Review: The Things We Don't Do

In the tradition of Borges and Franz Kafka


By Andrés Neuman (Trans: Nick Caistor and Lorenza Garcia)
Pushkin Press, £8.99

The son of Argentine émigré musicians, Andrés Neuman was born in Buenos Aires but now lives in Spain. He has written five novels, four books of short stories and this is his third book to be translated. Neuman has started to be much talked about in literary circles, receiving growing critical acclaim. This new book of short stories could be his breakthrough book.

The Things We Don't Do consists of almost 40 stories, many of them very short indeed. The style is flat, neutral. The stories are mostly set in the present, rarely with any kind of history or back-story. They could be anywhere in Europe or South America, and at almost any time in the past 10 years. A man is being tortured or is considering suicide. We don't know why. The characters themselves give away little sense of their inner lives.

Like Kafka, Neuman is not interested in psychology. And yet these stories have a fascinating grip and pack an emotional punch.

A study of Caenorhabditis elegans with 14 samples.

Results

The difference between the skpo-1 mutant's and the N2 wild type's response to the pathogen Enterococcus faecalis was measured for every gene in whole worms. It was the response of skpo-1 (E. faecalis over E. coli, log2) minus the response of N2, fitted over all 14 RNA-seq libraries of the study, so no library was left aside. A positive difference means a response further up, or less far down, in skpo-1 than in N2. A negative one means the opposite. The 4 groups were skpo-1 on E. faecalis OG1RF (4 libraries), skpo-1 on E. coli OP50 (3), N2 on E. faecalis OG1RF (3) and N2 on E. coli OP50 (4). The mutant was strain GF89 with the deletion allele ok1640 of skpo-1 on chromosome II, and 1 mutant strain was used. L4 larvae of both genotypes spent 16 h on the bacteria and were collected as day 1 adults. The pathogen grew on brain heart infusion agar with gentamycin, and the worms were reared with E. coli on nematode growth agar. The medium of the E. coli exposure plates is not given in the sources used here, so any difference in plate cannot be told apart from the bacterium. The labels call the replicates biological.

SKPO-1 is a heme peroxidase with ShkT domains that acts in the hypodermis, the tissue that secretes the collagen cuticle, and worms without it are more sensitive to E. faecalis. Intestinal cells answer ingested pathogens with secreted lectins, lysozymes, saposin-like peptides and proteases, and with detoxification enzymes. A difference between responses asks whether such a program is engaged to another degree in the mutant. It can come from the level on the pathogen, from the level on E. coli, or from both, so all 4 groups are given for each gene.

This is partly because of the violence that runs through them, a sort of passive-aggressive violence. Words like "mocking", "scoffed", "maliciously" pop up here and there. "I hate you more than anyone in the world, Elias wanted to howl," Neuman writes in one story, which, typically, is about how compatible a couple is, so compatible that, eventually, they break up.

The best stories are about couples or, rather, the space between couples. There is often barely a plot. What matters is what people say (or don't say) to each other.

In A Line in the Sand, Ruth draws a line in the sand defying Jorge to cross it. We don't know why, just that if he does cross it this will trigger off something between them. Nothing happens, and yet you feel Neuman is describing something very true about relationships.

There is another group of stories that are not about the space between people, but what happens when there is not enough space between people, when people merge into one another in a way that leads to madness or a kind of symbiosis. One story is about a mental patient and a psychiatrist but you soon begin to realise you don't know which is which.

You wouldn't call Neuman's flat prose beautiful but here and there certain words seem to have a disturbing quality. The stories feel strange or alien. There are echoes of some of the great modernist short-story writers - Borges as well as Kafka - but Neuman has a voice that is very much his own.

In one story, the narrator talks of "a violent sweetness". He could be describing Neuman's stories.